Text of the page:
The assumed rate of interest of 5 percent applied by banks on issuing mortgage loans as a security buffer against abrupt rises in interest rates is completely out of place in the current interest landscape. By comparison, on July 1, 2016, Switzerland’s overall interest rate curve showed negative returns for the first time in history. The assumed interest rate level is based on long-term average mortgage interest, and is not laid down in a precise manner – although the affordability calculation was made official by the Swiss Capital Adequacy Ordinance of 2011 and the self-regulatory measures for banks.
Self-regulation by banks serves the following purpose: it dampens the “suction” effect that constantly falling mortgage interest rates have on house prices, and prevents the further buildup of interest rate risks. The flip side of the coin is that buying a home becomes more difficult for a substantial proportion of the population; households with low incomes or young families often fail to meet the affordability rules. This is increasing pressure to soften the restrictions on lending, or make these more flexible.
Market situation makes the loan-to-value limit less important
The application of an assumed rate of interest reduces the probability of a mortgage holder defaulting on payment. All too quickly, unforeseen costs, a rise in interest rates, or a drop in income can lead to payment default if the borrower has a high level of debt. To minimize this risk, the affordability calculation used by banks stipulates that the overall burden should not be above one third of income, even with an interest rate of 5 percent (plus maintenance costs and reserves of about 1.5 percentage points). According to this rule, debt may not exceed five times annual gross income. But even in this scenario, if full advantage is taken of loan-to-value limits, an interest rate increase of 2 percentage points will still result in a substantial additional burden that cannot be financed without cutting back on consumption.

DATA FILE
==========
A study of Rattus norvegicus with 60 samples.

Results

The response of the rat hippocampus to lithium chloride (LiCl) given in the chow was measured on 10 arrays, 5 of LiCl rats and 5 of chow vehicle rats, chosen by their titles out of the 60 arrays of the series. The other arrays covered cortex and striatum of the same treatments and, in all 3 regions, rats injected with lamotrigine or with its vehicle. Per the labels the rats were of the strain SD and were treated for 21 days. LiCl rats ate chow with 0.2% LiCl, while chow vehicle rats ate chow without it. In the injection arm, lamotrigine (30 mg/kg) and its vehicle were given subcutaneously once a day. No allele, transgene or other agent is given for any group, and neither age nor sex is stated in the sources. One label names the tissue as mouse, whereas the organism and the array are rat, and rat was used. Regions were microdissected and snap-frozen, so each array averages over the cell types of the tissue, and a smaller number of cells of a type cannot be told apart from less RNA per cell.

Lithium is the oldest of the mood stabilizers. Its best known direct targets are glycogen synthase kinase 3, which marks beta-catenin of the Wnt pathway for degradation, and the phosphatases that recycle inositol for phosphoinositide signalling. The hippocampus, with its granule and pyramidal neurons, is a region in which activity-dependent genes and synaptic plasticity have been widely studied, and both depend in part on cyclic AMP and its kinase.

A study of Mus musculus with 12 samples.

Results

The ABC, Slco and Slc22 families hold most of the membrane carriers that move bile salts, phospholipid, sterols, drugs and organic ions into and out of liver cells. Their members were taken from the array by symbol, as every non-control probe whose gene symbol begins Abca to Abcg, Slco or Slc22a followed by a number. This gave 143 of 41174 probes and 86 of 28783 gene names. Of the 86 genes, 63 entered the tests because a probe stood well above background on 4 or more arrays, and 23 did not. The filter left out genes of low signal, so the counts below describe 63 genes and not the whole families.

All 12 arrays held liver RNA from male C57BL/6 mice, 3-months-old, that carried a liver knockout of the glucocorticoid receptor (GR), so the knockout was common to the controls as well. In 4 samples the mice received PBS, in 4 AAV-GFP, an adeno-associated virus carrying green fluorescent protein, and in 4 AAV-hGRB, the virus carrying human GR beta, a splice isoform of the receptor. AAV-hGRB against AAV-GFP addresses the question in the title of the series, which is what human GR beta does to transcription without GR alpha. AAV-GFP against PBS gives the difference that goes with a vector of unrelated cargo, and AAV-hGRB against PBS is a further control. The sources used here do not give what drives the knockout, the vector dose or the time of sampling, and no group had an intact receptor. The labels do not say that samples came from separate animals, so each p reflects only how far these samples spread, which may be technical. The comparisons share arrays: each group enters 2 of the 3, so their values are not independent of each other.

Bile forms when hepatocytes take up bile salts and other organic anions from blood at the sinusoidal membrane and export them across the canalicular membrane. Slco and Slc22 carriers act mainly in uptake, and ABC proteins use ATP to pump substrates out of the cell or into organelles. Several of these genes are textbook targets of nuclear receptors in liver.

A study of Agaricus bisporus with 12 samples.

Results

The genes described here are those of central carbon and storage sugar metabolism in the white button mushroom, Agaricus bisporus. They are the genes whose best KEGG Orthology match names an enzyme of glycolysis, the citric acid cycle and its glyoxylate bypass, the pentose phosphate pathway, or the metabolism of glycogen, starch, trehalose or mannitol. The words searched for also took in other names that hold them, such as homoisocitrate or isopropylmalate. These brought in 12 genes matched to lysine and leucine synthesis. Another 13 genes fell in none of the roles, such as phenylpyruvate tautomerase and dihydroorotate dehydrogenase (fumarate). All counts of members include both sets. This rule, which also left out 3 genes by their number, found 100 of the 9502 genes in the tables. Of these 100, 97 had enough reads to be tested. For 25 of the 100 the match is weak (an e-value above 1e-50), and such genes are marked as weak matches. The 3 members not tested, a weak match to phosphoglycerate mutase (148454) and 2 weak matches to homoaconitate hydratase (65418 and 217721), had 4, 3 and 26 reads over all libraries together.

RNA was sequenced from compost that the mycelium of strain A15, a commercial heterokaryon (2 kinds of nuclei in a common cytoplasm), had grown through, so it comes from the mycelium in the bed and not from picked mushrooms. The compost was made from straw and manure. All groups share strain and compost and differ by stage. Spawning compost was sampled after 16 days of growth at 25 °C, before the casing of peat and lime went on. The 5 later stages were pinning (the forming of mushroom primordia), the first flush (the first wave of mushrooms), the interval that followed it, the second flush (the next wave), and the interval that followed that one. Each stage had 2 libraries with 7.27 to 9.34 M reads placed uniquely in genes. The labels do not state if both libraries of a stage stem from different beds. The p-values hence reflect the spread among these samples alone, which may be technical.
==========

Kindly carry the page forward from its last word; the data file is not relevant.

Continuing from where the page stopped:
If the assumed rate of interest sank to 3 percent, a household could take on more debt and borrow seven times its gross income to buy a home. With a mortgage of medium duration at current interest rates, living costs (including amortization and maintenance costs) would amount to about one third of disposable income. However, even if interest rates rose by less than 2 percentage points, living costs would then exceed half the disposable income and would no longer be affordable. Using long-term financing, this risk can be postponed, but not eliminated completely. Even increasing amortization to compensate the additional loan-to-value ratio is virtually impossible, given the limited room for financial maneuver.